By September 3, 2019 No Comments

Often when we think of leadership, we group leaders into two categories… good and bad. The fact is, there are many different styles of leadership that aren’t exactly good or bad, they’re just different. All have their own pros and cons, and many are appropriate based on the situation.

Let’s break down three common leadership styles including the pros, cons and characteristics of each.

Transactional Leadership 

The easiest explanation for transactional leadership is “I give you this, and you do this in return.” Transactional leaders give instructions to their team and then give different rewards or discipline based upon success or failure.

PRO: There is no confusion or guesswork because tasks and expectations are clearly stated from the beginning.

CON: This form of leadership is rigid leaving no room for creativity or innovation.

If you use the threat of having to stay late as a motivator, you might be a transactional leader.

Transformational Leadership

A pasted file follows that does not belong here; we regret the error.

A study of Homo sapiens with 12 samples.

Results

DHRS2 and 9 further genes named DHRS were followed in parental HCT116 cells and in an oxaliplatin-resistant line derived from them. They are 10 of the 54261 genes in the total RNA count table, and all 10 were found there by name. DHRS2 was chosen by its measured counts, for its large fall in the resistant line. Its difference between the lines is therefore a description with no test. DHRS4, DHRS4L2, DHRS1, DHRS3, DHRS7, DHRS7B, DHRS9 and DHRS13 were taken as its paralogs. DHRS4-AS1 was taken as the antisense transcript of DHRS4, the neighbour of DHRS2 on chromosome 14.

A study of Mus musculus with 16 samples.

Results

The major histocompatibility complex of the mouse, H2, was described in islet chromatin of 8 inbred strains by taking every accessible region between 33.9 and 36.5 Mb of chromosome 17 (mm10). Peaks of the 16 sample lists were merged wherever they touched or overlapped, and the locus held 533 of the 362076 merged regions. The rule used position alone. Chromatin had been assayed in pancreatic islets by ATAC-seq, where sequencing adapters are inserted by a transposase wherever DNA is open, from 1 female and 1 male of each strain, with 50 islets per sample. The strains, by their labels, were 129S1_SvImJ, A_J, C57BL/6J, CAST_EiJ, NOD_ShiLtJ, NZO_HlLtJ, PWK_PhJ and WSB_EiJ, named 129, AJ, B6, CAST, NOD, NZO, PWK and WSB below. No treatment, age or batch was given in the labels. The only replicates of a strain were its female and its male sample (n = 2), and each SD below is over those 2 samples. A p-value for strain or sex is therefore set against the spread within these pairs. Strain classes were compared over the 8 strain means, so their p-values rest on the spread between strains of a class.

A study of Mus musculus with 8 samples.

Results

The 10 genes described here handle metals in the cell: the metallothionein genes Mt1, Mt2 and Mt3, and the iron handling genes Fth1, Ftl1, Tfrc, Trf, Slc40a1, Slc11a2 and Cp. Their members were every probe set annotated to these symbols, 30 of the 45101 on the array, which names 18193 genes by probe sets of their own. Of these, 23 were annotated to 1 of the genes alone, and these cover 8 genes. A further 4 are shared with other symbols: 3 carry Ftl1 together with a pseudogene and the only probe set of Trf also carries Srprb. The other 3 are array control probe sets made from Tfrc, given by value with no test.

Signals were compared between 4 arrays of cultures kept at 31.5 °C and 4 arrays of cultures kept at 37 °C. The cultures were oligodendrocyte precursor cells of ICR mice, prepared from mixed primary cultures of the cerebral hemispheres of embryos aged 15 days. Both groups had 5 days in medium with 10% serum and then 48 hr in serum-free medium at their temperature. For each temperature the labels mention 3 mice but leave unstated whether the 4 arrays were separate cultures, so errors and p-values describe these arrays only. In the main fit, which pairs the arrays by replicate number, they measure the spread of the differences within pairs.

Transformational leaders seek change by inspiring innovation. This form of leadership is about making improvements and finding better ways to get things done. They seek to inspire or empower employees to own their work and offer suggestions about how things can be more efficient.

PRO: Transformational Leaders establish a high level of trust with their team and rally them to embrace a shared goal or vision.

CON: In environments with established processes this style of leadership can ruffle feathers.

If you’re constantly pushing your team to work outside of their comfort zone, you may be a transformational leader.

Laissez-Faire Leadership

This is a term that basically means “leave it be.” A Laissez-faire leader provides all the tools and resources their team needs, then steps back and lets them use them to make their own decisions about how to proceed.

PRO: This level of trust and autonomy can be empowering with a creative, self-motivated team.

CON: If your team isn’t organized or self-directed, chaos can quickly ensue.

If you’re predominantly involved at the beginning and end of a project, you just might be a Laissez-faire leader.

Most leaders will go through a variety of different types of leadership styles throughout their careers. And as companies change and grow you’ll likely find you’ll change your style of leadership to fit the circumstances. Take some time to “try on” different leadership styles to find one that’s right for you.